United Way marketing director says overcoming adversity is all about having a positive attitude

Amadeus Smith

For Kathy Baker, non-profit work is all about attitude, specifically the right one.

Baker, director of marketing and communications for the Portage County United Way, talked to students in the Human Service Management Student Association about all of the obstacles she has had to overcome.

She explained that having been through tough situations herself, she can relate to people in need even better.

“Pain causes you to not only learn compassion, but how you can get such joy from the little things and how little it takes to help those in need,” said Baker, author of Leaving Adversity Plaza: You Don’t Have to Stay There.

The book acted as a guide for Baker as she rattled off stories about her family, cancer and her Ohio State-fanatic mother who also advocated voting.

She discussed her former husband’s battle with Multiple Myeloma, an incurable form of cancer.

Her former husband visited the hospital 13 times in the first year after the diagnosis and almost died twice.

“It was weird pushing my son in a stroller into the oncology department every week,” she said.

Baker was let go from her marketing job at Brockman, Coates & Gedelian CPA firm within the year.

She said all of the negativity left her feeling helpless.

“Everything that mattered to me was gone,” she said. “I thought to myself ‘I’m like a turtle on my back.'”

She wasn’t just talking about a typical family life or a career. She missed happiness. She realized she couldn’t control her situation, but she could control her attitude about it.

After explaining her revelation, she moved to Thanksgiving dinner. Before feasting on roasted turkey and other goodies, she asked her three children to pray or give thanks.

She paused for a second and smiled to herself, thinking of what was to come. She said one of her sons said that he prays the food isn’t cold by the time they get done with prayer. Her other son just wanted his mom to accept them the way they are and stop trying to get them to pray.

But topping it off, her daughter was thankful her step-father had been able to resist the illness. She said, ” He just won’t die.”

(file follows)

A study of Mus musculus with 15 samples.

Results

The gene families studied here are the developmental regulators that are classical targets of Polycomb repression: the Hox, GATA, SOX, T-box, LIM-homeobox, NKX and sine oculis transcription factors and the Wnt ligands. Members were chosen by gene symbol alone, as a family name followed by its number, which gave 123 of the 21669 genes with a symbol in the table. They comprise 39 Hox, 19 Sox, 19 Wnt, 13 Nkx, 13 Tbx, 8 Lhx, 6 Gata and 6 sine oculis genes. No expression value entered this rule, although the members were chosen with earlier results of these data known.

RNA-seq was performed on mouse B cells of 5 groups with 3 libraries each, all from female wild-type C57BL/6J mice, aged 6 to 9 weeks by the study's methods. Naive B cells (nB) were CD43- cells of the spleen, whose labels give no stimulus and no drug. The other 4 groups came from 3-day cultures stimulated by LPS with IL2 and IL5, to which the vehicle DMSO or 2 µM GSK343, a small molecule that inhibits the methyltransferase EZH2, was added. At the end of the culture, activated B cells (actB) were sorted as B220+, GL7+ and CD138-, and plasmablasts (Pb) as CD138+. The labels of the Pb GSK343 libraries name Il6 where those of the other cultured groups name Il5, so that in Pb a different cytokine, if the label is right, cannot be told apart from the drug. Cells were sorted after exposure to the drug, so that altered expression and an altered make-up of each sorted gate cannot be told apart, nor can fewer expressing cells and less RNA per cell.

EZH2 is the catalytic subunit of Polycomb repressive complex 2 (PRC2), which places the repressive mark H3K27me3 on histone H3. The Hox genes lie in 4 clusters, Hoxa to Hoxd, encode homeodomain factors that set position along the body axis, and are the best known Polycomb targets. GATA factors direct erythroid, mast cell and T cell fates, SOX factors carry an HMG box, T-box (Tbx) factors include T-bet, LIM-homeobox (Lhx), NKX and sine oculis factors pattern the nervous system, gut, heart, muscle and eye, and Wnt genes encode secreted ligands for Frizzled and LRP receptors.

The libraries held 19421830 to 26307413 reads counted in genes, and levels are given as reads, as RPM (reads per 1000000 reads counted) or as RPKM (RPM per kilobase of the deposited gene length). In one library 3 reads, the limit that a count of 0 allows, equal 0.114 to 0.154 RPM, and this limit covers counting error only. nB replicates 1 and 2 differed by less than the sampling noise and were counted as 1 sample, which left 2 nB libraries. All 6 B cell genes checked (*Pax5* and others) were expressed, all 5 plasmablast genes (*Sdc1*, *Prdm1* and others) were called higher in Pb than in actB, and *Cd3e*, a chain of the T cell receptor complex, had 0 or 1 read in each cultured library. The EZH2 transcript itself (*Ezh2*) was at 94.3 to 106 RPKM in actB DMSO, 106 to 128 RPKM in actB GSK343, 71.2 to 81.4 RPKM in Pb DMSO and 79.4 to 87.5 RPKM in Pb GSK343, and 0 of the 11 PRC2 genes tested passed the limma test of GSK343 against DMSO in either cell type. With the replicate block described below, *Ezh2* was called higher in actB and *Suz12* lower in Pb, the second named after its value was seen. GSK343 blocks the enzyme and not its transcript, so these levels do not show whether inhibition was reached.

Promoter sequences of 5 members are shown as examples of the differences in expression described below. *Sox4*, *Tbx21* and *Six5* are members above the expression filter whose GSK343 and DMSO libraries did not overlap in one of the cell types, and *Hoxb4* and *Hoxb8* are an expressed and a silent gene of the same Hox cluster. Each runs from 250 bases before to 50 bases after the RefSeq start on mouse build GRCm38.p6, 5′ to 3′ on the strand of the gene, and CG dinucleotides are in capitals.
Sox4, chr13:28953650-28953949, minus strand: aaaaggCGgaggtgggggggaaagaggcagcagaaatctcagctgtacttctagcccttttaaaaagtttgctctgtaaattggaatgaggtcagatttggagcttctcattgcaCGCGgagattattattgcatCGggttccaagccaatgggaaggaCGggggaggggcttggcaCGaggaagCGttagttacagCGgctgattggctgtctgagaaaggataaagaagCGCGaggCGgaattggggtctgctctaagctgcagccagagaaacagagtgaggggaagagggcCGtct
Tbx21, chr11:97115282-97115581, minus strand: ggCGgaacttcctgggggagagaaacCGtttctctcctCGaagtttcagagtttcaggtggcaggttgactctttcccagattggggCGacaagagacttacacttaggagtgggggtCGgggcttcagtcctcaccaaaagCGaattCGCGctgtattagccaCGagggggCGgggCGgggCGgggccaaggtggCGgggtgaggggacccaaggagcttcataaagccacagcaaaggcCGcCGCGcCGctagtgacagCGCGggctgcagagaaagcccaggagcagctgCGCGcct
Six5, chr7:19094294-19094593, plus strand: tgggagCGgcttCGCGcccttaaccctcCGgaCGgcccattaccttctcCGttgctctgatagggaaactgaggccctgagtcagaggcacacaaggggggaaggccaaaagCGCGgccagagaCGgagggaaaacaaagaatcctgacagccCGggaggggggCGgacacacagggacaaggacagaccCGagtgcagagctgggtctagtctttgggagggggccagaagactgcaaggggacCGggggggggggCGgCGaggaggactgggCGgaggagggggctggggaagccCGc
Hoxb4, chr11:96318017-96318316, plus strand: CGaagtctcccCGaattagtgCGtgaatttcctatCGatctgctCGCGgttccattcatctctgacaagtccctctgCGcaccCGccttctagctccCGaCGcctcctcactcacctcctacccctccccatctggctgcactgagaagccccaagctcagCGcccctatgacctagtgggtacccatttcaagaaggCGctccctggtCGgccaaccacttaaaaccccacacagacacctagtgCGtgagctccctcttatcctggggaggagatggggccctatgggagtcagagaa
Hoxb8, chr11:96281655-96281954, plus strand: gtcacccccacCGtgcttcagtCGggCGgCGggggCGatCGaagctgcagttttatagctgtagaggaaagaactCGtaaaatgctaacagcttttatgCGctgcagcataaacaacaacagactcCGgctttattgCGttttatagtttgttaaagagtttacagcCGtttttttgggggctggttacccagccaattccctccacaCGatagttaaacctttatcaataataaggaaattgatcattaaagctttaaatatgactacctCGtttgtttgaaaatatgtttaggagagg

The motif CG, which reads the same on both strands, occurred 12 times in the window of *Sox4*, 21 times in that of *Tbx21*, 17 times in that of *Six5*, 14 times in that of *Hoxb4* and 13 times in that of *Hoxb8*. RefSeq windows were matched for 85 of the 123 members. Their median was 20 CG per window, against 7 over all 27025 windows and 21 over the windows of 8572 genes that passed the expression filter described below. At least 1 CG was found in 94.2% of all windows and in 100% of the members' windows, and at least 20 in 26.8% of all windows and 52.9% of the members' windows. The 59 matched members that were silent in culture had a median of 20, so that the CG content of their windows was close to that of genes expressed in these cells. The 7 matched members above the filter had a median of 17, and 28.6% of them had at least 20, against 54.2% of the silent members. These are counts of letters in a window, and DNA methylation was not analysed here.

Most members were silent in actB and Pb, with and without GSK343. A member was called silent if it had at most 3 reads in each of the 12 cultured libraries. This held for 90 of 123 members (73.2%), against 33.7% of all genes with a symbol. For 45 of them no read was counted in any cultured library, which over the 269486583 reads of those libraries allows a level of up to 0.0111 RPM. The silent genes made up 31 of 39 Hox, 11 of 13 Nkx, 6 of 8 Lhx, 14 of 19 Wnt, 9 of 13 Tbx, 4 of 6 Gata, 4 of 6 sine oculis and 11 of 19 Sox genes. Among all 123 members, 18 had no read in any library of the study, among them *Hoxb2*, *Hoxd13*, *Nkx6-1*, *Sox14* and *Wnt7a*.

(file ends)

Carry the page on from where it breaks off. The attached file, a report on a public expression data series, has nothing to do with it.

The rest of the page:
The family sat in silence, Baker said. Nobody knew what to do and she and her children all looked at her husband for a response. Until that point, the family had tip-toed around the illness.

Baker began to laugh after a while, and the rest of the family joined in. She said she realized that even though cancer is a serious issue, they finally found a way to laugh.

Kendra Roberts, president of Human Service Management Student Association, said Baker’s type of optimism is crucial for non-profit work.

“In our field, there are a lot of times you get weighted down by the disparity of a community. You feel like ‘I’m never going to get above this,'” Roberts said. ” But just like she said, you have to just stop and laugh.”

Baker also discussed her mother’s death.

Baker’s mother, whom she described as an edge-of-the-footstool Ohio State fan, would always preach the importance of voting. Baker would drive her to the polls every year – she never missed an election.

Baker said she and her family were caught off guard after her mother died in the hospital a day before she was scheduled to be released.

It was an election day. Baker and her siblings sat in a circle on the kitchen floor, pondering the oddity of their mother’s death.

A few weeks later a piece of mail from the state government arrived at the house. The post was a thank you to Baker’s mother for her absentee vote.

“She had known she was going to die and got her vote in anyway,” Baker said, laughing.

Jennifer Combs, service chair for the student non-profit group, said she could apply Baker’s attitude idea to things outside of non-profit work.

“I’m applying to grad schools right now, and if it doesn’t work out, then I can just let it roll off,” Combs said.

Baker said overall everyone must treat each day as “a party in your honor.”

Contact School of Exercise, Leisure and Sport reporter Amadeus Smith at [email protected]kent.edu.